Foreign and European Affairs Minister, Gordan Grlic, said on Tuesday that the draft resolution on Bosnia and Herzegovina prepared by MPs of Germany's ruling coalition "isn't sending good messages."
Last week, the proposal for the resolution made by MPs of the ruling traffic light coalition was sent to parliament, Bundestag, and it should be adopted this or next month.
The resolution supports BiH’s European path, while leading Serbian official Milorad Dodik, as well as Croatian Dragan Covic, are accused of endangering the country’s sovereignty, blockades and divisions.
Grlic-Radman pointed out that the draft resolution had not been supported by the entire Bundestag but only “one fraction” and that “a strong Bosniak lobby” could be seen, since there were MPs of Bosniak origin in that body.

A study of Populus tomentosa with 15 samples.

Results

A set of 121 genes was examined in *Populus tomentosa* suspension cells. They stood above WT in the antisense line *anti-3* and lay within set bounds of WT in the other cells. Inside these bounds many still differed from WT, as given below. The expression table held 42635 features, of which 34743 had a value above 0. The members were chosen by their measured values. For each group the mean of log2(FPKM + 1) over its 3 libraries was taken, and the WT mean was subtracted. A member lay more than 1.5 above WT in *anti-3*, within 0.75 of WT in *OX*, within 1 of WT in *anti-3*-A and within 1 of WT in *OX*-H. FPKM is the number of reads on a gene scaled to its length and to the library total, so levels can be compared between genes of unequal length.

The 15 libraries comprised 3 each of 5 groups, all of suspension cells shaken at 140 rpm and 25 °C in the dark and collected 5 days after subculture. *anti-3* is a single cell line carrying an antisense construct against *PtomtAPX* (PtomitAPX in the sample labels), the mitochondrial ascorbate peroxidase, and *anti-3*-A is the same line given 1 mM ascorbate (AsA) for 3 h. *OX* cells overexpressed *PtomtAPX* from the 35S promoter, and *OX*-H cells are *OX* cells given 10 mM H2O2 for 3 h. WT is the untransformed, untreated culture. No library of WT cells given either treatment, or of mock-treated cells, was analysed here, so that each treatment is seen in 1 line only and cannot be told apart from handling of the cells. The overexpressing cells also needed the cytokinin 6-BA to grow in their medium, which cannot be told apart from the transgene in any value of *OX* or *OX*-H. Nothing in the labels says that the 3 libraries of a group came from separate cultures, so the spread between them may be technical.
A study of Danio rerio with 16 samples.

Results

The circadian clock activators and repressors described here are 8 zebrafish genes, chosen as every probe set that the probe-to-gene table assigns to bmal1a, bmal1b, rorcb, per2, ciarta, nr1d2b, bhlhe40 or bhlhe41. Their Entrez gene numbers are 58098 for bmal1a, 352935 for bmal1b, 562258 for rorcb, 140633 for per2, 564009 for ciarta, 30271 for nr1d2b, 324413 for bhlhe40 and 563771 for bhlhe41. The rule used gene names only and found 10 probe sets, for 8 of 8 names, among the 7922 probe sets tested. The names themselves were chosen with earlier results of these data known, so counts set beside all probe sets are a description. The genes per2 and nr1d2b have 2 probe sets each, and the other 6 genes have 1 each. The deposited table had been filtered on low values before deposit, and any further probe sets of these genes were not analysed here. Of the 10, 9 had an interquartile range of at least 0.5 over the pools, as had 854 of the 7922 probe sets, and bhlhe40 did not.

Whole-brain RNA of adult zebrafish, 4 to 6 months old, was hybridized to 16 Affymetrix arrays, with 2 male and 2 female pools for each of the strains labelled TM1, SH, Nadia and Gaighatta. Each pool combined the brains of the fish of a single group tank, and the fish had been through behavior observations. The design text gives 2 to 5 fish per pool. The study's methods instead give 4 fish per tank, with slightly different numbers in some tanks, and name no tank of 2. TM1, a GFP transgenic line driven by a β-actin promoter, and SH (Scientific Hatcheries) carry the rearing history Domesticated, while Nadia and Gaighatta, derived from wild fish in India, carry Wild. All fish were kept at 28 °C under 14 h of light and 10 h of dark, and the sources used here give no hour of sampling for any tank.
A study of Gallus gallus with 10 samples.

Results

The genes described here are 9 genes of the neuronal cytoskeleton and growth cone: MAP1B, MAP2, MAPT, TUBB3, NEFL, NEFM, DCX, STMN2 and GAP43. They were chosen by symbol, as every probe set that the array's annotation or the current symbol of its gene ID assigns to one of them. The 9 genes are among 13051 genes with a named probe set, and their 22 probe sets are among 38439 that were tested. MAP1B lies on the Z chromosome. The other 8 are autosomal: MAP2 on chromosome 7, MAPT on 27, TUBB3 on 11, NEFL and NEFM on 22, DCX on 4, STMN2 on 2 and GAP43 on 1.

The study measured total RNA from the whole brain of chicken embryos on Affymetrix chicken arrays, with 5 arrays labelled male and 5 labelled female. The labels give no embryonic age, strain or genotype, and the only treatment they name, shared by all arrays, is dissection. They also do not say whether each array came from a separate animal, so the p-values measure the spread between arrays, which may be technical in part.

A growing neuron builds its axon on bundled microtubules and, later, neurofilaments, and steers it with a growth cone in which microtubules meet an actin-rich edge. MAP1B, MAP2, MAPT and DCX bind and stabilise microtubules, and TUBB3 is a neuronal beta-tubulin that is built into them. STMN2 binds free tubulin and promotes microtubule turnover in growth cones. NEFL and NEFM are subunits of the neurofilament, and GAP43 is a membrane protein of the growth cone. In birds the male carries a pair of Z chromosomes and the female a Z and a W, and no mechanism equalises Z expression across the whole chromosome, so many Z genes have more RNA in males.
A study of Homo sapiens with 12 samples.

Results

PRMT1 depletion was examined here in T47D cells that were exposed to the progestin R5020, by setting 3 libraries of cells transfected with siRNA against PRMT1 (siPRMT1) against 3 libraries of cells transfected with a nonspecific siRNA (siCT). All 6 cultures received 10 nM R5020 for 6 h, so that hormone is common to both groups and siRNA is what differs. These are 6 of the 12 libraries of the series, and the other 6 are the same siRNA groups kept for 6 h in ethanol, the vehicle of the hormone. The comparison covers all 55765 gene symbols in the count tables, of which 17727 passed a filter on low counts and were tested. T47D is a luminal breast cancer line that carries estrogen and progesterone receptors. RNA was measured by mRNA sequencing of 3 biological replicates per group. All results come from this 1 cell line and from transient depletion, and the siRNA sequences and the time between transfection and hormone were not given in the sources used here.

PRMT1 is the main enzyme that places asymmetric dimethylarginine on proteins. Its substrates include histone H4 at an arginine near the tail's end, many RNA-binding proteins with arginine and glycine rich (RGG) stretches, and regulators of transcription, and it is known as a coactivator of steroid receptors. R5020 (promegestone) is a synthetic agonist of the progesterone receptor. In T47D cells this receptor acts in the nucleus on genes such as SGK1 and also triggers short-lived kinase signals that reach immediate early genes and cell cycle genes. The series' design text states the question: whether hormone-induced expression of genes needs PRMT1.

“This does not lead to peace, stability, nor does it send good messages, especially to the countries of the Western Balkans,” the minister said, stressing that a stable Bosnia and Herzegovina was also in Germany’s interest.
Grlic-Radman said that he and Prime Minister Andrej Plenkovic “had a really good conversation” last week with German chancellor Olaf Schulz and that they “spoke for a very long time about Bosnia and Herzegovina and the multinational nature of that state. He underscored that Croatia still knew its neighboring country the best and that it was the biggest advocate of its EU integration.
Talking about Marinko Cavara, the president of BiH’s Federation entity on whom the U.S. imposed sanctions, the minister said that he was “an honorable, politically responsible man” who loved his homeland and advocated honoring the Dayton-Paris agreement.